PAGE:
Argentina’s late subsidy payments hurt gas producers

| Updated: October 19, 2017 01:07:31

An aerial view of a YPF shale oil drilling rig in the Patagonian province of Neuquen, Argentina.  	— Reuters An aerial view of a YPF shale oil drilling rig in the Patagonian province of Neuquen, Argentina. — Reuters

Argentina is behind on at least $700 million in promised subsidy payments to natural gas producers, hurting oil companies at a time when the government is trying to woo more investment in the nation's energy sector, reports Reuters.

The incentives have cost cash-strapped Argentina more than $7.0 billion since they were implemented in 2013 by former leftist President Cristina Fernandez. The programme, unique in Latin America, is aimed at attracting investment to help boost the country's declining output and reduce its reliance on imported liquefied natural gas.

Payment delays have plagued the programme from its inception, but they have lengthened under President Mauricio Macri, Fernandez's business-friendly successor. He took office in December 2015 vowing to jumpstart Argentina's struggling economy and cut a primary fiscal deficit equivalent to more than 5.0 per cent of gross domestic product.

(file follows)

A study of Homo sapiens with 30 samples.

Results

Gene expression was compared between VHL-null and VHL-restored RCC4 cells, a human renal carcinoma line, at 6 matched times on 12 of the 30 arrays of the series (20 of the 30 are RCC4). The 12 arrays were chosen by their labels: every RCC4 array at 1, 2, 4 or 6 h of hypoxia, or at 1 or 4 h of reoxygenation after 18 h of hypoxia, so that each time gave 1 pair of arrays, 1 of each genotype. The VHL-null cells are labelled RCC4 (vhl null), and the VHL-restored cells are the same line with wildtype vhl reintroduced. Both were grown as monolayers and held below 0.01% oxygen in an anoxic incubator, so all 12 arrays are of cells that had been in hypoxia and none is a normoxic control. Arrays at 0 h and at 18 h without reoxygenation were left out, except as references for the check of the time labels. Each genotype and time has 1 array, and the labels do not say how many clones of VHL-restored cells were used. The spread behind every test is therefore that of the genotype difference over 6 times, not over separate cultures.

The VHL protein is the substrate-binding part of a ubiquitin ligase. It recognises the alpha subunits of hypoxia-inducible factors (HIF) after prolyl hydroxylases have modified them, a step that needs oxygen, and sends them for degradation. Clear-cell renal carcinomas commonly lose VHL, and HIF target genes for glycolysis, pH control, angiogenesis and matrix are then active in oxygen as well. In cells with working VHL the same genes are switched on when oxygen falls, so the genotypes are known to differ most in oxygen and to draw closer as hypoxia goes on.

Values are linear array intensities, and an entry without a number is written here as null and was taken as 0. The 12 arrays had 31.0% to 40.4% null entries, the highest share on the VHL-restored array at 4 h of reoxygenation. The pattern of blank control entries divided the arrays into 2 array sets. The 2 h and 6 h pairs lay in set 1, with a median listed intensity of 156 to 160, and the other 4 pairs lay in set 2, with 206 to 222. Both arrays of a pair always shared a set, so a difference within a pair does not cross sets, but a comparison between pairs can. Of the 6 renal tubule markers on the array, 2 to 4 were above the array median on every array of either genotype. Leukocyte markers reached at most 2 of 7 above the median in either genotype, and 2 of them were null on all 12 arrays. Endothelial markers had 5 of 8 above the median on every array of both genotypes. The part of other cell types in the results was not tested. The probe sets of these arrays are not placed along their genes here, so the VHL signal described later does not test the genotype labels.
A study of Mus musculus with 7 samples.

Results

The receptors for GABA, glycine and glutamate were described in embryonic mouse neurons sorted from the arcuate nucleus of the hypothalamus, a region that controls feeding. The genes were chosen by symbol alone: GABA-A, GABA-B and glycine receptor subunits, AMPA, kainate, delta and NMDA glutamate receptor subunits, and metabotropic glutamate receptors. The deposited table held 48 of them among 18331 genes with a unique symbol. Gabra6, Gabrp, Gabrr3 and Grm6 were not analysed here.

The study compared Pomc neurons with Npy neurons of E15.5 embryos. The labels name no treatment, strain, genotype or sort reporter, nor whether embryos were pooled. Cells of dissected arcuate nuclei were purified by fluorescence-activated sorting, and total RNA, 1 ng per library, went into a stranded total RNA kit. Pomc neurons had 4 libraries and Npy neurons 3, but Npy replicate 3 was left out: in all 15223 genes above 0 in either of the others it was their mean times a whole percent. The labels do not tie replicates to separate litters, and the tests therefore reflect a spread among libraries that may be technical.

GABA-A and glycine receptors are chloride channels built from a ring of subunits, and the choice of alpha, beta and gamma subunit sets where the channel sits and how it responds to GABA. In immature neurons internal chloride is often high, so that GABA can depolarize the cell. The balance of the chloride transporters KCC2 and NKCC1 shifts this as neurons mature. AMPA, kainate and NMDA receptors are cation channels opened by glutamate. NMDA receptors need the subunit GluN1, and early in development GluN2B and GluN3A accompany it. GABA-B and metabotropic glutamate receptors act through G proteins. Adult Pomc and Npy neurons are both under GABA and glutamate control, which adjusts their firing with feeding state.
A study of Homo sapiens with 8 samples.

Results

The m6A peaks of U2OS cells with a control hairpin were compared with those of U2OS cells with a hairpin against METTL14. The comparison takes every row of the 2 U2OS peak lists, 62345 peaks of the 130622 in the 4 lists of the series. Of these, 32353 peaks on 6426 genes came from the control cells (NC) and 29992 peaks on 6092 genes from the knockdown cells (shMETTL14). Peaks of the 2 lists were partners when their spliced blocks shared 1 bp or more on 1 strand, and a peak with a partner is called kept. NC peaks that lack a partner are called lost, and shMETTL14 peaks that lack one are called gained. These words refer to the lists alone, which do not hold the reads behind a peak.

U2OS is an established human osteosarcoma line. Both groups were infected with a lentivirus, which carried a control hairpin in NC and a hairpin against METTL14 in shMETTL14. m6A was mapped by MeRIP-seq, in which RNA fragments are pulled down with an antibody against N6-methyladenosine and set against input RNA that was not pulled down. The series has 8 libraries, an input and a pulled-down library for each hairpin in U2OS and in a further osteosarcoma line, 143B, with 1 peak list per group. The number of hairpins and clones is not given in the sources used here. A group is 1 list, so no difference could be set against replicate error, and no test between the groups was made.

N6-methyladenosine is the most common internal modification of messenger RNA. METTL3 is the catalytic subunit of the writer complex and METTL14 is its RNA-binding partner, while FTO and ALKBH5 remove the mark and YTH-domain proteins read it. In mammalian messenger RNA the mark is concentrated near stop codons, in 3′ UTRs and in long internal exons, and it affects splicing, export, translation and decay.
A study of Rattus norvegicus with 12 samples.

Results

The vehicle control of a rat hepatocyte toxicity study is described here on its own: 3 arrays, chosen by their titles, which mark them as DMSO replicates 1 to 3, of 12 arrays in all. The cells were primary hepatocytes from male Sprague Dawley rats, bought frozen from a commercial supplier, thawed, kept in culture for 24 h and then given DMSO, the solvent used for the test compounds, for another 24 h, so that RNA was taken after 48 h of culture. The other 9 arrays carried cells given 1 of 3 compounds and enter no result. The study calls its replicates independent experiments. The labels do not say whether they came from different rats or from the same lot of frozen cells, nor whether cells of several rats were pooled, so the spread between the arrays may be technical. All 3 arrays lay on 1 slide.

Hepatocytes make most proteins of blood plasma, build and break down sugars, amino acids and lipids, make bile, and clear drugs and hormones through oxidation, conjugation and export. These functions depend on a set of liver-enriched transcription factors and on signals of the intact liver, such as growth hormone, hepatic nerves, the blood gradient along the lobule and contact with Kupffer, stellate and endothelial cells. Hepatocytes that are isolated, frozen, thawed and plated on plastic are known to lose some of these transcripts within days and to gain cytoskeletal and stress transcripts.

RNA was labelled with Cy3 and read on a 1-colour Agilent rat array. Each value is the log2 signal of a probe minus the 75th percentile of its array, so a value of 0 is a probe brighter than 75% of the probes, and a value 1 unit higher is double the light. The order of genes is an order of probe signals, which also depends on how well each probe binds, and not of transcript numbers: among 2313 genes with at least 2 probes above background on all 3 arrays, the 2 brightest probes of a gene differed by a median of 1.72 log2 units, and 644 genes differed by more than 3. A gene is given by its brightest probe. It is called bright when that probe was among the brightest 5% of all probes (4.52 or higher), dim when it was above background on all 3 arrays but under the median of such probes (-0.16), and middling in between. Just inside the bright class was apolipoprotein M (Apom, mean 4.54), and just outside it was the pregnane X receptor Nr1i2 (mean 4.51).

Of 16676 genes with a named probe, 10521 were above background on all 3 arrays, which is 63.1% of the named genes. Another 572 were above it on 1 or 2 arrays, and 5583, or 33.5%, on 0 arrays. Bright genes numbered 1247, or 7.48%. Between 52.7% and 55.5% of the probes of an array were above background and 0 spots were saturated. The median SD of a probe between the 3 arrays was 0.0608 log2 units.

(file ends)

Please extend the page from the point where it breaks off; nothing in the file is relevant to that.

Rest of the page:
"The state does not have the money," said Daniel Gerold of G&G Energy Consultants in Buenos Aires. "The companies are being patient, but they are clearly concerned because they know perfectly well that there is a significant fiscal problem." Hardest hit is state-owned YPF SA, which produces a third of Argentina's natural gas. It was owed $551 million in unpaid subsidies at the end of the second quarter.
The government is supposed to pay the gas subsidies quarterly. But payments to YPF are now 10 months in arrears, YPF Chief Financial Officer Daniel Gonzalez said in an earnings call last month. That is up from a delay of four to five months that Gonzalez reported to investors in August 2015.

The lag forced YPF to raise debt in July, Gonzalez said. And it could upend the goal of the heavily-indebted company to become cash-flow neutral this year, according to an analyst covering the company.

Argentina's Pampa Energia is feeling the squeeze as well. In the second quarter of 2017, the firm recorded 2.4 billion pesos, or $140 million, in uncollected payments, financial statements show. That is up from 1.6 billion pesos ($100 million) at the end of last year. Pampa did not respond to a request for comment.

Two multinational oil majors are also experiencing delays of between four and eight months in receiving their subsidies, two industry sources told Reuters on the condition that the companies not be named.